Phoning it in takes a whole new meaning when we are talking about payments. To be more precise, it takes data, and lots of it, to get a payment done by phone. And done several times, spoken or keyed in, to the consternation of consumers.
Teleperformance Chief Business Development Officer Alan Truitt posited that the traditional phone call to a contact center can find faster and more secure footing through technology.
Most interactions are still done by voice, said Truitt at IP 2017, and the absolute number of phone calls as handled by Teleperformance, which operates in 74 countires and 160 markets, is growing annually.
Against a backdrop of technology that has not changed much in 100 years — that would be the phone call — Truitt found that just about everyone at the IP 2017 presentation (via show of hands) had used mobile wallets to make purchases in a store, through an app or online. But no one had used mobile wallets to make a payment over the phone while a call was underway. That’s because a phone call has remained, well, static, a voice-to-voice connection.
Then, a few years ago, continued Pruitt, the smartphone began its ascent toward its current spot as the most important device in our lives. “Yet even with all the functionalities packed into our smartphones,” he said, “the phone itself has essentially remained the same.” Yet the confluence of data streams and voice streams can be a boon to make the phone call a bit smarter, he said.
Teleperformance, he argued, can now facilitate a data and voice “handshake.” It takes advantage of the screen, the data, the applications and even biometrics. “This opens up an entirely new world of possibilities,” said Truitt, improving commerce in general.
Specific to mobile payments, he stated that there has been much attention paid to AI and bots and the overall online presence, and alongside those events, “a lot of talk about frictionless payments.”
Yet with 100 mobile wallets extant in the United States alone, said Truitt, none of them work during a phone call. The “call commerce” market is huge and untapped. In the U.S. alone, more than 34 billion high value calls were conducted in 2016 with the attention of a live person on the other end of the line, generating $446 billion in revenue — a full $100 billion more than retail eCommerce.
Those figures span airlines, hotels, banks, insurance companies and any number of other verticals. Yet no one has done anything to make frictionless payments possible over the phone, said Truitt. Over the phone, the benefits of using a mobile wallet, he added, during a phone call, “are dramatic for everyone … there’s time to be saved, and a gap to be eliminated.”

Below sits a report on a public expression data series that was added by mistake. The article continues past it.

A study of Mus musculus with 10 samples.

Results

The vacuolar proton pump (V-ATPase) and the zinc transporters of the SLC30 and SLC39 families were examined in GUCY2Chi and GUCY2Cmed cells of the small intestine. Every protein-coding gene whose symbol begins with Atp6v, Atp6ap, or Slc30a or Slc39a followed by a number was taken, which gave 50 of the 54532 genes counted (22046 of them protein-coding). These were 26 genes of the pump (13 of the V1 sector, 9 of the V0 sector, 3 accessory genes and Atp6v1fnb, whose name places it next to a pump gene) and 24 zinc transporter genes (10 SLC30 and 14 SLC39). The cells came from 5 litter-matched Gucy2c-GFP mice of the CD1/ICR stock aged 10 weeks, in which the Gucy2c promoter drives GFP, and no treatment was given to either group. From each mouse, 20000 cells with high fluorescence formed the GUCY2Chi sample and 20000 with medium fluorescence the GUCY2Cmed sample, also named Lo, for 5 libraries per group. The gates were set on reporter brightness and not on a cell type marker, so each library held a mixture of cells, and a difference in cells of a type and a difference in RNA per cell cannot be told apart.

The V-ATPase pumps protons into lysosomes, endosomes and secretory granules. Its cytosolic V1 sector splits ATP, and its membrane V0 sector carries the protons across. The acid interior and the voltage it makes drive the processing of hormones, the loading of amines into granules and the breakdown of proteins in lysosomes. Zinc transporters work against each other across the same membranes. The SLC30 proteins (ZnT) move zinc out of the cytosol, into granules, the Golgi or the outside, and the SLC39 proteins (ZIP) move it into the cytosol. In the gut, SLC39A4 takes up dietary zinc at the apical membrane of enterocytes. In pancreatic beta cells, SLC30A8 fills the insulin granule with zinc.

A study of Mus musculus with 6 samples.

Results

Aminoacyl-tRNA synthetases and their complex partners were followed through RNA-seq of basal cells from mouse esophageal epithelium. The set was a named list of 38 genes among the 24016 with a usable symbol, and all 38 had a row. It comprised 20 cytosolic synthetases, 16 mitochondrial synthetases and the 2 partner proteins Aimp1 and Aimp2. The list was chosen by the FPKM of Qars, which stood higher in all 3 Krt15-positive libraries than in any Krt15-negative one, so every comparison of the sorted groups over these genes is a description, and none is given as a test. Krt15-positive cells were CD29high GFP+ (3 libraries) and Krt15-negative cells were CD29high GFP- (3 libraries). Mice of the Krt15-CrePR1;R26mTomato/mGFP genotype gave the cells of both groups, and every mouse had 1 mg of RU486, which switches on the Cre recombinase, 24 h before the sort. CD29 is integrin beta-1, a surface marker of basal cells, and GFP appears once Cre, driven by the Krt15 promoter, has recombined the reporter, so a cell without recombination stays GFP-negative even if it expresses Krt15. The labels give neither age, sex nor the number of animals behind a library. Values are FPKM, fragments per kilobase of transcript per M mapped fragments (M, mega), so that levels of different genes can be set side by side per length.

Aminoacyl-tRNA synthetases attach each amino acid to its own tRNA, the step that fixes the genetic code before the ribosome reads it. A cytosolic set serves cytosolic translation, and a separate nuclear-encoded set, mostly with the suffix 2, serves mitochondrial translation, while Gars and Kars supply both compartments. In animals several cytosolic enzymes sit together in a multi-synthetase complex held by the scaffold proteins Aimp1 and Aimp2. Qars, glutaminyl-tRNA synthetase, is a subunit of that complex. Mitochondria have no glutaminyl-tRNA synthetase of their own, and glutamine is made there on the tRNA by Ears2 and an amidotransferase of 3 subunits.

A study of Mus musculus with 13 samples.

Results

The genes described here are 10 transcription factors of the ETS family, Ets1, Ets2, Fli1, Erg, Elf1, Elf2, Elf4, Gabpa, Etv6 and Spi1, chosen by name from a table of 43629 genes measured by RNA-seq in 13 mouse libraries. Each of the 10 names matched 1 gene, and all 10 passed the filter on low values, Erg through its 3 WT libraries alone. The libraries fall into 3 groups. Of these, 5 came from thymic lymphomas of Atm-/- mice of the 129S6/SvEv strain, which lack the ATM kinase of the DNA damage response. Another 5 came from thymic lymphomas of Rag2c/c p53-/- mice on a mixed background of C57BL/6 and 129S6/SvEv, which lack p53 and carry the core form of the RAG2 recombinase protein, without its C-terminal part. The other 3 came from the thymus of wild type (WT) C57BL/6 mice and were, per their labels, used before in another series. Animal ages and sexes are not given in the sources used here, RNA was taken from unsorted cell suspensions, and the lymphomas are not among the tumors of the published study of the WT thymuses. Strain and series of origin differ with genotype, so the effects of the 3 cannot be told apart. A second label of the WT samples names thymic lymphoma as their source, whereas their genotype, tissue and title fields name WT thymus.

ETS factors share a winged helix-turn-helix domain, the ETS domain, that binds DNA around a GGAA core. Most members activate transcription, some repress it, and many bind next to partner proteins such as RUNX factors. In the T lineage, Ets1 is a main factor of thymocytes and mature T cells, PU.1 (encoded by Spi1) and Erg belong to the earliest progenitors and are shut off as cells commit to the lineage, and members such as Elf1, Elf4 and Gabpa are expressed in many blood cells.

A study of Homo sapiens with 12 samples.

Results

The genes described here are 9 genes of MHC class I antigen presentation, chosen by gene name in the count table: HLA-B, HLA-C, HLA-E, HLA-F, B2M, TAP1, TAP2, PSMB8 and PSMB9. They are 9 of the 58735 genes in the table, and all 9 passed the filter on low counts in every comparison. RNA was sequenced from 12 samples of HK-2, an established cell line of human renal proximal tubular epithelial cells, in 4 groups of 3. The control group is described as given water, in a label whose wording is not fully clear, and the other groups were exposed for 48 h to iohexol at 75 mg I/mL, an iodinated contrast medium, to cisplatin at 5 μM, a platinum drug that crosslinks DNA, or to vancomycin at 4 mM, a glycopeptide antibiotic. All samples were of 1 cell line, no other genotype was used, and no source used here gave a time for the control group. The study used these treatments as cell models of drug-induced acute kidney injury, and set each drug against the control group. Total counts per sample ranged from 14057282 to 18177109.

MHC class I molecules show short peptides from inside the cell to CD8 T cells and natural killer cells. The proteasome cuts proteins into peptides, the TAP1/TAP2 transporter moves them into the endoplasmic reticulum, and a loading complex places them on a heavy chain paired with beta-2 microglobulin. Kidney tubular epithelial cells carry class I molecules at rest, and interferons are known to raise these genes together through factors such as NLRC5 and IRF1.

Data that must ordinarily be provided by a user — from name to address to credit card number to security code — can be circumvented by sending an order directly through a smartphone in tandem with a fingerprint scan or facial recognition technology. Thus, a time savings of about two minutes per order. The value to a firm of a two-minute reduction in handling time, in the U.S. alone, said Truitt, results in billions of dollars of cost savings.
Another benefit ties in with security, said the executive, as sensitive information is never touched or heard by customer service agents. As for wallets themselves, said Truitt, people like to carry cash and at least some form of ID. Biometrics does the same thing for identification purposes, but when making a phone call to a broker or insurance company, one must answer security questions. Authentication using a device can take just a few seconds and the swipe of a finger. Disclosure statements can also be sent right to phones to be confirmed with a touch of the finger. The screen is an “untapped form of real estate.”
In a separate interview with PYMNTS, Truitt stated that the movement to interact with consumers across multiple channels allows for a complete history of interactions to be chronicled. This can, ostensibly, allow a firm to eventually anticipate what a consumer might be seeking, which is a trend that lends itself to Teleperformance’s services and affirms their desire as a company to make their products global. Speaking specifically to his own firm, he said that clients find value in global expertise and teams on the ground in local markets, with an understanding of cultural nuances that may be at play during phone calls and other interactions.